At least nine people were killed in Myanmar on Thursday as the military junta cleared the streets of central Yangon by giving protesters 10 minutes to leave or be shot, tightening a two-day crackdown on the largest uprising in 20 years.
Far fewer protesters took to the streets after soldiers raided monasteries in the middle of the night and rounded up hundreds of the monks who had been leading them.
State television said at least nine people were killed.
International concern over the crackdown mounted.
President George W. Bush called on all countries with influence over Myanmar to tell the junta to cease using force against the demonstrators. The U.S. Treasury Department announced sanctions against 14 senior government figures.
Neighboring China, one of the isolated country's few allies and seen as wielding considerable sway over the junta, said it was extremely concerned.
One of dead on Thursday was a Japanese photographer, shot when soldiers cleared the area near Sule Pagoda -- a city-center focus of the protests -- as loudspeakers blared out warnings, ominous reminders of the ruthless crushing of a 1988 uprising.
That revolt was crushed in a bloodbath in which more than 3,000 people were killed.
On Thursday in Yangon, about 200 soldiers marched toward the crowd and riot police clattered their rattan shields with wooden batons.
"It's a terrifying noise," one witness said.
The army moved in after 1,000 chanting protesters hurled stones and water bottles at troops, prompting a police charge in which shots were fired and the Japanese went down.
The crackdown began on Wednesday when soldiers and police fired tear gas, clubbed protesters and arrested up to 200 monks in an attempt to quash the uprising.
The revolt began more than a month ago with sporadic marches against fuel price hikes. The protests swelled into mass demonstrations against 45 years of military rule in the former Burma.
It was the worst unrest to hit the poor Southeast Asian country of 56 million people since the rebellion by students and monks in 1988.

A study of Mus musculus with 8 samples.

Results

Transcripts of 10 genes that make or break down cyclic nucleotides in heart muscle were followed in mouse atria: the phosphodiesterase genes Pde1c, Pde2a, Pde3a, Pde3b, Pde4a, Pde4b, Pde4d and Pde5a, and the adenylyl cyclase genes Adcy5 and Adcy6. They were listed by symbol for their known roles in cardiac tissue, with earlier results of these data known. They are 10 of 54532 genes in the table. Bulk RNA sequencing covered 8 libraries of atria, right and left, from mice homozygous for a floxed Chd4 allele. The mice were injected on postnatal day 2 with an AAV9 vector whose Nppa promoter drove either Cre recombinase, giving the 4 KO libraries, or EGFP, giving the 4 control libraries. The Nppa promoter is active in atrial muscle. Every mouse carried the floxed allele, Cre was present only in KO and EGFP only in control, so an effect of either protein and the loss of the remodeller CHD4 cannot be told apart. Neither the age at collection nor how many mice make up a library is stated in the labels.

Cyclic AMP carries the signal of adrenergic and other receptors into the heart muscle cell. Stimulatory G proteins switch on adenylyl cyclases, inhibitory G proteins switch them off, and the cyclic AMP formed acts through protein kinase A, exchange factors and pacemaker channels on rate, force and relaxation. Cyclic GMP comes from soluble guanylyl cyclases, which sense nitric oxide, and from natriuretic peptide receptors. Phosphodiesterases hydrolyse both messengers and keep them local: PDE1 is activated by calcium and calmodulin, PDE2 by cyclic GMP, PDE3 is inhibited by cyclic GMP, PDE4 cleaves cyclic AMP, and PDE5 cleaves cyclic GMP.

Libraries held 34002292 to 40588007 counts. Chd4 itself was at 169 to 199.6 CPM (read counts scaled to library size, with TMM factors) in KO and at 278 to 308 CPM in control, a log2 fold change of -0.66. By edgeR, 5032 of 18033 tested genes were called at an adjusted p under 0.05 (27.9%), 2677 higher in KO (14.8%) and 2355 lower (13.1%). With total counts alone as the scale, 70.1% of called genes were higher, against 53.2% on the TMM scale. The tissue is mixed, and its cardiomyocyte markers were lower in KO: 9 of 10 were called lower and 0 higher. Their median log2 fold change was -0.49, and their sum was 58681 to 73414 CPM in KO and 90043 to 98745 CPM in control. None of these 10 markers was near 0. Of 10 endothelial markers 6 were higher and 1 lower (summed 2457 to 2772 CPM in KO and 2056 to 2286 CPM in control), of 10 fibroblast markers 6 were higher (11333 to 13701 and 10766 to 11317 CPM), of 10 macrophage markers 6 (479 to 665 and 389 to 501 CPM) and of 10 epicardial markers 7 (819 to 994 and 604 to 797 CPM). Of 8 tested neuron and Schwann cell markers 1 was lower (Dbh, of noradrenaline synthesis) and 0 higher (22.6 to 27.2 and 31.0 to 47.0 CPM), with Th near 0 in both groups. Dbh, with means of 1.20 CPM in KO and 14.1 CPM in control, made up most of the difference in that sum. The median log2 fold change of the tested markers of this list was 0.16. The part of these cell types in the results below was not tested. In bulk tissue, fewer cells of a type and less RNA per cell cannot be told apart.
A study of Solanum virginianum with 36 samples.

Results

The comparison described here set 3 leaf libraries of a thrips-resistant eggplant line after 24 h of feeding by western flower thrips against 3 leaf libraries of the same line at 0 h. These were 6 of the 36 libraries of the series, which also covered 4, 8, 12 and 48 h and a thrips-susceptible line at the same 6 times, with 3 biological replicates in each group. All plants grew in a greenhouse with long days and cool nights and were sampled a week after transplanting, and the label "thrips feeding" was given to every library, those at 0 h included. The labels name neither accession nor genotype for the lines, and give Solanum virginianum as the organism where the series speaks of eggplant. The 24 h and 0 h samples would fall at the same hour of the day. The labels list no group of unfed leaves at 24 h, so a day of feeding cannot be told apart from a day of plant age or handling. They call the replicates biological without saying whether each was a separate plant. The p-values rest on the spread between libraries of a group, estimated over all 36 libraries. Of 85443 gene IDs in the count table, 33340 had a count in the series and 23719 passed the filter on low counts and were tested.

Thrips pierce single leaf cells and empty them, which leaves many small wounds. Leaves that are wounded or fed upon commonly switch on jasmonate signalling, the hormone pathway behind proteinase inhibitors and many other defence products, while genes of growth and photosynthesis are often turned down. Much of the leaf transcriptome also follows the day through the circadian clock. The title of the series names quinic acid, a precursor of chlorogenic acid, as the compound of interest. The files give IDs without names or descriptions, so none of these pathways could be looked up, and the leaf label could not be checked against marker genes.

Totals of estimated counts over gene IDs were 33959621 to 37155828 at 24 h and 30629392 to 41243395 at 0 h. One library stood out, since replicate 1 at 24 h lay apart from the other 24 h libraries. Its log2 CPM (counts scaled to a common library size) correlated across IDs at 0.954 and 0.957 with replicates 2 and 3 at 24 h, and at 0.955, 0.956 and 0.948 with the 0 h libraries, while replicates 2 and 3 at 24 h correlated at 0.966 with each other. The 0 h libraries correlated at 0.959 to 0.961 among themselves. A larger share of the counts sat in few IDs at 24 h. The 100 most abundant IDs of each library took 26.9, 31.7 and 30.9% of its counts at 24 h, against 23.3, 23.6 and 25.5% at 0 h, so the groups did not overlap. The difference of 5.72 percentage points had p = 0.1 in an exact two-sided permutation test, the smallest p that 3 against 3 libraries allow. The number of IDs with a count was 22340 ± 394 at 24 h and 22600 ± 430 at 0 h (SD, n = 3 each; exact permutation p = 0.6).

Soldiers shot three people to death in a protest outside the city's heart as crowds regrouped and taunted troops. Their bodies were tossed in a ditch as troops chased fleeing people, beating anybody they could catch, witnesses said.Another Buddhist monk -- adding to the five reported killed Wednesday -- was killed during the midnight raids on monasteries, witnesses said.
Monks were kicked and beaten as soldiers rounded them up and shoved them onto trucks.
"Doors of the monasteries were broken, things were ransacked and taken away," a witness said. "It's like a living hell seeing the monasteries raided and the monks treated cruelly."
After darkness fell and curfew hour loomed, sporadic bursts of automatic rifle fire echoed over Yangon, a city of 5 million people.
Monkhood versus military
Elsewhere in the former Burma, the Hong Kong-based Asian Human Rights Commission said it had received reports of a big demonstration in the northwest coastal town of Sittwe, as well as incidents in Pakokku, Mandalay and Moulmein.
Details were sketchy.
It was unclear whether the protests in Yangon would regain momentum in the absence of the clergy, whose marches drew large numbers into what has become a head-on collision between the moral authority of the monks and the military machine.
The junta sent in the troops despite international calls for restraint.
It told diplomats summoned to its new jungle capital, Naypyidaw, "the government was committed to showing restraint in its response to the provocations," one of those present said.
The United States and other countries condemned the crackdown.
"I call on all nations that have influence with the regime to join us in supporting the aspirations of the Burmese people and to tell the Burmese junta to cease using force on its own people who are peacefully expressing their desire for change," Bush said in a statement.
In signs of an international rift over the crisis, at emergency U.N. Security Council meeting on Wednesday, China ruled out sanctions or an official condemnation of the use of force.
Beijing has a deep investment in Myanmar, with concerns about trade, border stability and fighting drugs magnified by plans to build oil and gas pipelines through Myanmar's ethnic ally mixed border regions into China.